Wednesday, 11 September 2013

What do you miss?


Yesterday lunch time I was on the bridge of RFA Mounts Bay which is docked in Bodrum for a week. The Royal Fleet Auxiliary is a civilian manned fleet owned by the British Ministry of Defence and the ships serve as supply vessels to the forces.  Anyone interested in the specifications should click  here to read the details

The crew and officers aboard were all very welcoming and as we tucked into the ample buffet and sipped our drinks in our ladylike "cocktail" dresses, the inevitable question was asked;  "What do you miss from the UK?"  I never know what to say to this as it seems churlish to admit to missing nothing and the usual "PG Tips and sausages" is no good as I dislike both.  "Marmite" is my only fallback answer.


After a while, I noticed that my fellow guests were taking photos and, as the crew were happily posing for shots, I realised how "Turkified" I had become.  In the centre of Bodrum there are big signs outside the Jandarma and the military holiday camp forbidding any photography. I had assumed that I would be  marched off to the brig if I started snapping.   I had managed to squeeze my camera in my dainty bag at the expense of car keys so at a very late stage did manage to take a few shots.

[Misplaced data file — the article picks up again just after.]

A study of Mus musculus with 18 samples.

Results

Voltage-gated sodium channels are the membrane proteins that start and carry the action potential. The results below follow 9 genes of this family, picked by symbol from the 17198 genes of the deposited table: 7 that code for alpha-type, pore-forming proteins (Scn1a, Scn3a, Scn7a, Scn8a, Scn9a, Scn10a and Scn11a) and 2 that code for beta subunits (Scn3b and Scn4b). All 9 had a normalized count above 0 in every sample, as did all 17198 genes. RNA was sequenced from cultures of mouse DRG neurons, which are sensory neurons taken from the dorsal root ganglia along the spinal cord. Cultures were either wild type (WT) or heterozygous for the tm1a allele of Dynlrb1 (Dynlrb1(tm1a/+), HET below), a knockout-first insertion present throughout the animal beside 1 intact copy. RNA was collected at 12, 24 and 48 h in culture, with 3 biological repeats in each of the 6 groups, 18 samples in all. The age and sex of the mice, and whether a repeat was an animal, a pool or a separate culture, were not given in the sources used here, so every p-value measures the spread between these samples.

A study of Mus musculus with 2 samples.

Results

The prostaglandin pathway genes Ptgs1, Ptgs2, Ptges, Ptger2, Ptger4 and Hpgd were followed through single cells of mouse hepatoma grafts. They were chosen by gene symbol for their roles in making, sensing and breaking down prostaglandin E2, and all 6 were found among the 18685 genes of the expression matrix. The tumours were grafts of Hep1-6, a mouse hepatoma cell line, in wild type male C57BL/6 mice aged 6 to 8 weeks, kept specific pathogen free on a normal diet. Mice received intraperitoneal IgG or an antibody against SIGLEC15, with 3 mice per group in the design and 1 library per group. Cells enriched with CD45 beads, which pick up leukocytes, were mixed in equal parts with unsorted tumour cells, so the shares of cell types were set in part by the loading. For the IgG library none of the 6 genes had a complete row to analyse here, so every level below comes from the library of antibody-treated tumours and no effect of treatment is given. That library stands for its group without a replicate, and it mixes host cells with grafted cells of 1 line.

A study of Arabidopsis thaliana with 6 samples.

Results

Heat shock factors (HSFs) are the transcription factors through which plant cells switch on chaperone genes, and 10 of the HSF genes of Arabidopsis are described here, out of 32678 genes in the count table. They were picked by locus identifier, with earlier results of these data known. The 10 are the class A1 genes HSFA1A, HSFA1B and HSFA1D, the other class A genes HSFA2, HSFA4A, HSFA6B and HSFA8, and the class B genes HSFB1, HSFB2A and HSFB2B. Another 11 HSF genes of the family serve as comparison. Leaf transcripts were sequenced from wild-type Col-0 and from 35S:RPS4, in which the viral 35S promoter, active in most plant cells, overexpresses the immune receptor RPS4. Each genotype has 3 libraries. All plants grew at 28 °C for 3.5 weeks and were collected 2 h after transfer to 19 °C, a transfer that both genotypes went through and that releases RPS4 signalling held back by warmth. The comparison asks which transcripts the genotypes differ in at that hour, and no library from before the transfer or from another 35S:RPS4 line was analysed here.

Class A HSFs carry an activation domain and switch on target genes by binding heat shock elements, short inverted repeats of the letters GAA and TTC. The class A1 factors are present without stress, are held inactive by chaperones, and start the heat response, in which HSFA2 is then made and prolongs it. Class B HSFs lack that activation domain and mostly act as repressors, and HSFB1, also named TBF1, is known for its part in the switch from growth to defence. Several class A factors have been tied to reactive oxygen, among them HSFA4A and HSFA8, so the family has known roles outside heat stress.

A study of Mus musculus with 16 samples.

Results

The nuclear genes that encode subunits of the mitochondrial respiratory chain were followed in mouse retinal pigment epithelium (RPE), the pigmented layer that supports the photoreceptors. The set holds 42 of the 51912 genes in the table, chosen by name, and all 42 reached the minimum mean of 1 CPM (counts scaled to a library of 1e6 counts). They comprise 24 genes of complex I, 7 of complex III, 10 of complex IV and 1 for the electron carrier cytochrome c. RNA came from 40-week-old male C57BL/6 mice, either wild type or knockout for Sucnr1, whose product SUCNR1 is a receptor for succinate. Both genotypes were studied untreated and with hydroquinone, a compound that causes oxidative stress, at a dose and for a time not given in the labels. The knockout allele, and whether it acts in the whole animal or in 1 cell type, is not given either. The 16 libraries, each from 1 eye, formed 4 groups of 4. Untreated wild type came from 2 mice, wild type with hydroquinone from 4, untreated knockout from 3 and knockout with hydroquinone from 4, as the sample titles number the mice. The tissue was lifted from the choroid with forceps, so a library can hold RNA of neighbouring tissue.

We were even given a guided tour of upper and lower decks. 


As I followed our eloquent guide, I wished someone would ask me the question again, because I do miss something from the UK and it's the easy openness and lack of suspicion with which we were welcomed on to the ship.  We wouldn't have got within 100 meters of a Turkish ship and would have probably had our cameras confiscated if we had taken any exterior shots.   A public relations event  wouldn't even be considered in Turkey. And it's not only the military. On archaeological sites, the interested spectator is viewed with distrust and kept as far away from the excavations as possible, with screens hiding the digging from view.   So in one word what do I miss - I think it is "fellowship", but I'm hoping you might come up with a better description.


18 comments:

  1. I read your "Turkified" self with a smile: ) though i agree with you, as much as I love my homeland and nothing compares to it, I do love the openness as well as "freedom" we have here in England, and a chance to express your opinion. Still, enjoy the weather, food, nature, sights and the lovely kindness from most folks at home:) ozlem











    I do miss customer care too....there's no such thing in Andalucia. There are helpful people and then the rest.

    Great post, Annie.

    Axxx




    As for taking photos, I've never been stopped anywhere in the UK, but I've never tried to test the boundaries either.


    I once tried in Izmir to take a pic of a GENDARME standing with a weapon and a small Scottie dog....I found that amusing.A Scottie dog for security.... Well they almost took my camera away.